Procrastination Positives

procrastinationpositives.jpgRemember those good ol’ days back in college when you knew finals were lurking just a couple of weeks away, and you committed to study a little bit each night? You promised to be disciplined and not wait to cram everything in at the last minute. And what happened? Sure enough, finals week was staring you right in the face. The proverbial all-nighter was inevitable. You were left cramming for exams and scrambling to finish your projects.

Panic would set in and you wondered how you let this happen, swearing you would be disciplined as the semester was coming to a close.

Why do so many people wait until the last minute? Why don’t they spread their workload out over a realistic timeframe? The bottom line: we procrastinate.

Many can relate to this. Procrastination is part of human nature. We live in such a fast-paced society that forces you to juggle multiple balls on a daily basis that getting to your priorities seems to always have delay.

But while procrastination may lead to a last minute, stress-filled scramble, it also has its advantages. The more you wait on accomplishing a project, task or creative endeavor, the more time you have for your ideas to simmer and develop. Ideas can mature in your subconscious without you realizing it. As you procrastinate, you give yourself more time for ideas to mature. It serves as an incubator for your ideas.

As we amass multiple ideas in our mind, we start connecting the multiple ideas to formulate new ones. Procrastination helps this process develop.

When team members have brainstorming sessions, multiple ideas are put on the board. As we look at the ideas, we start to combine them to form new ideas. This is how creativity happens. It’s connecting the dots of multiple ideas that brings about new ones.

In other words, it leads to great achievements and innovation. So procrastinating might not be so bad after all.

For many of you who work 50 to 60 hours a week juggling multiple accounts and opportunities, preparing a new presentation for a prospect might come down to the last minute. We kick ourselves for not being more organized in advance, but we often perform better under pressure. Also, we can expect our past experiences to kick in when we perform. Great sales people are known for thinking on their feet.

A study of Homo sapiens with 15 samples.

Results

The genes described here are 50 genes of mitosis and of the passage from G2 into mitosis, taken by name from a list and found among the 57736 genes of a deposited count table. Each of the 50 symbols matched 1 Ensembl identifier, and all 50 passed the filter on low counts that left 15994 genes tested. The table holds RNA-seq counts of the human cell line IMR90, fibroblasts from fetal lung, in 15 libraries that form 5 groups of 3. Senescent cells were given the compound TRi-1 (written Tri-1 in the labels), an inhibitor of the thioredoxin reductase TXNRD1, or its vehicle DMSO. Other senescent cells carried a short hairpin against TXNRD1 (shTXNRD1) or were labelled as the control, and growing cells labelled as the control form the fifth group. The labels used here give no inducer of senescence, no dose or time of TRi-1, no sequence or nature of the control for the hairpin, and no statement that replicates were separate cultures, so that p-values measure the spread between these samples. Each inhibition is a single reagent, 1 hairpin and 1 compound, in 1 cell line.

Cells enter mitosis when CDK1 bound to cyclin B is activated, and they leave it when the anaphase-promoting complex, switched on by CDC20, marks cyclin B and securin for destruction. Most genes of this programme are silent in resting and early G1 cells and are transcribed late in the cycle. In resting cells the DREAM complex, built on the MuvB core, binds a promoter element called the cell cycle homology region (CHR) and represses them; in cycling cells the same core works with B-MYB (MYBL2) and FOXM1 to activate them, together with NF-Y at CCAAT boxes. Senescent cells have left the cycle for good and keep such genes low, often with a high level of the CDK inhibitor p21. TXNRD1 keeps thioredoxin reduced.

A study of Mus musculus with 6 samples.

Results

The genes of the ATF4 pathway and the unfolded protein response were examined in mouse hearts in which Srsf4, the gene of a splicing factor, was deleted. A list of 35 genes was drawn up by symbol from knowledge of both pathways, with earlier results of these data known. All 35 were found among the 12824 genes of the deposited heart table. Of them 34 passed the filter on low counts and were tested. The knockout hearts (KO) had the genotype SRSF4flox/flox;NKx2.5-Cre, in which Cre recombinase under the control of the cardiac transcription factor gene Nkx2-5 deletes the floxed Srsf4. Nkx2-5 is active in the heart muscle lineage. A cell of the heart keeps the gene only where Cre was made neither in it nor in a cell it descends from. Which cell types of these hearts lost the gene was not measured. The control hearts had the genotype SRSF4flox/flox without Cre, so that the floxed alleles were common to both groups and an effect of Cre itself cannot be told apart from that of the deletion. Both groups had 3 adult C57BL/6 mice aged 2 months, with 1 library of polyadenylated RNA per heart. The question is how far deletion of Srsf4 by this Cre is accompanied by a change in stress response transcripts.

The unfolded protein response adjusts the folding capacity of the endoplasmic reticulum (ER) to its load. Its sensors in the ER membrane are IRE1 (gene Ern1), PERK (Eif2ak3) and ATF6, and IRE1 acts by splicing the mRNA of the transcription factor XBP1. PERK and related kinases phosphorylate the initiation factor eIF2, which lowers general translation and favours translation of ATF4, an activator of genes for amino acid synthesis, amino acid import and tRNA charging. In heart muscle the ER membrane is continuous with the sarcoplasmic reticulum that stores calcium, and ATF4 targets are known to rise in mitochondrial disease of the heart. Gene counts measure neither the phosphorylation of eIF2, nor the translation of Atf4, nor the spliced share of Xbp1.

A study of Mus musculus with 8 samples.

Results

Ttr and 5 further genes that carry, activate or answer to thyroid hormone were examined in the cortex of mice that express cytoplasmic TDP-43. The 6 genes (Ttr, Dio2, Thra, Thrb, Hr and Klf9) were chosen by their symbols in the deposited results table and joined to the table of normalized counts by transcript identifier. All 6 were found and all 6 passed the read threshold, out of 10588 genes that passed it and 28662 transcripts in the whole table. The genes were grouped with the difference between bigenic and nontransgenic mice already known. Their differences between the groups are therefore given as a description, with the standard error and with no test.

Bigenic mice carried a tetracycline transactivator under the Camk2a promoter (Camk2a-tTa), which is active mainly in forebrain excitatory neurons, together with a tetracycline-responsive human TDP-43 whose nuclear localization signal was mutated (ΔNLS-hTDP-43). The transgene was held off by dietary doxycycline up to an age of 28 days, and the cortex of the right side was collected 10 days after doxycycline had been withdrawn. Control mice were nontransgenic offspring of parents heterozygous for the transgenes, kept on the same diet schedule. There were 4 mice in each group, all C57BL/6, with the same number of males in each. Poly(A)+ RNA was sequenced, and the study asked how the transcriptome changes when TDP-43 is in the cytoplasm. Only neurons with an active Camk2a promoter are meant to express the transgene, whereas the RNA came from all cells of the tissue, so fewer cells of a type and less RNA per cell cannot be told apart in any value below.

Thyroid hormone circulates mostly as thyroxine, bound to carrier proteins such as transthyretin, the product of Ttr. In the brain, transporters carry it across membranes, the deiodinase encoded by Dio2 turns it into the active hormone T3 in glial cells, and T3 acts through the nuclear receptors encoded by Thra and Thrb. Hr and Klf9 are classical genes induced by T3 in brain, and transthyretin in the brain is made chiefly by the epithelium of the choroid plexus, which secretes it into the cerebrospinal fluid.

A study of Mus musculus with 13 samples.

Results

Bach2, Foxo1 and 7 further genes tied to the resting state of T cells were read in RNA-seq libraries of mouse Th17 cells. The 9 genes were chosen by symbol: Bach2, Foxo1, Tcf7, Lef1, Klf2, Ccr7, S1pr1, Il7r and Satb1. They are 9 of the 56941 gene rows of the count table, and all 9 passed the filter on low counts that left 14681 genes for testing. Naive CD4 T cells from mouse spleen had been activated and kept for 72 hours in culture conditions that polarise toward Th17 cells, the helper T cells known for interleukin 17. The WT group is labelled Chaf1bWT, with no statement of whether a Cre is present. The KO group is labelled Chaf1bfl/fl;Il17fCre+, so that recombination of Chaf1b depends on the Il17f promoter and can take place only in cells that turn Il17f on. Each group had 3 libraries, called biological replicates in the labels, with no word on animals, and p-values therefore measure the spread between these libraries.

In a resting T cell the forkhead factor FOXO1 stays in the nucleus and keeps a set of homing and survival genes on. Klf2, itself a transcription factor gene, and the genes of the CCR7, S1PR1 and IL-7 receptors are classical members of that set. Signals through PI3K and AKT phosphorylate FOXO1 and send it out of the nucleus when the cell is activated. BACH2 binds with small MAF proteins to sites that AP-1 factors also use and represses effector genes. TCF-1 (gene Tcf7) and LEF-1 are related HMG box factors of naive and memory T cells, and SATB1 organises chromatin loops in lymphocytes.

Sometimes quantity is better than quality. The quantity of ideas you have can lead to new ideas that are more unique and creative and just might fit the customer’s need.

This makes total sense to most sales professionals. We multi-task, having many different tasks to perform for numerous accounts, and that can help us be more original and creative. It’s like when your kids were playing football or any other sport—their grades were better than when they weren’t playing sports. You’re more productive when you’re busy. The more output you have, the more chances for originality.

So the bottom line when preparing for a major customer presentation or developing a large proposal is to gather your team members and generate as many ideas as possible as to why you’re the right fit. Ask, “What can we communicate about our company, our value or competitive advantage?”

As a sales professional, you’re the quarterback on the team for your clients. You’re responsible for touching or leading every aspect of the opportunity. You must be involved in crafting the proposal, making the presentation, understanding the customer’s needs, and even understanding their credit situation. You’re the go-to person for the client.

You need to leverage all your experiences to become more original. It’s been said many times that you learn more from the sales you lose than the sales you win. That’s where you gain experience. You learn from your mistakes, and for the next opportunity you have more experience and insight as to what can work versus what might not work. You learn how to read customer situations as you relate them to those in the past that were similar. In other words, what’s worked versus not worked.
When the pressure mounts at the last minute to get a presentation or a proposal ready for a customer, realize that all the experience you’ve acquired over the years gives you a mental advantage in preparing that you just might not realize. You never learn from mistakes you’ve never made.

The next time you’re down to the last minute in preparing for a customer, realize there might be a silver lining in those final moments of preparation. Be open to the fact that a great idea for the customer might be just minutes away.

Good selling.

Stu Schlackman is a sales expert, accomplished speaker and the author of “Four People You Should Know” and “Don’t Just Stand There, Sell Something.”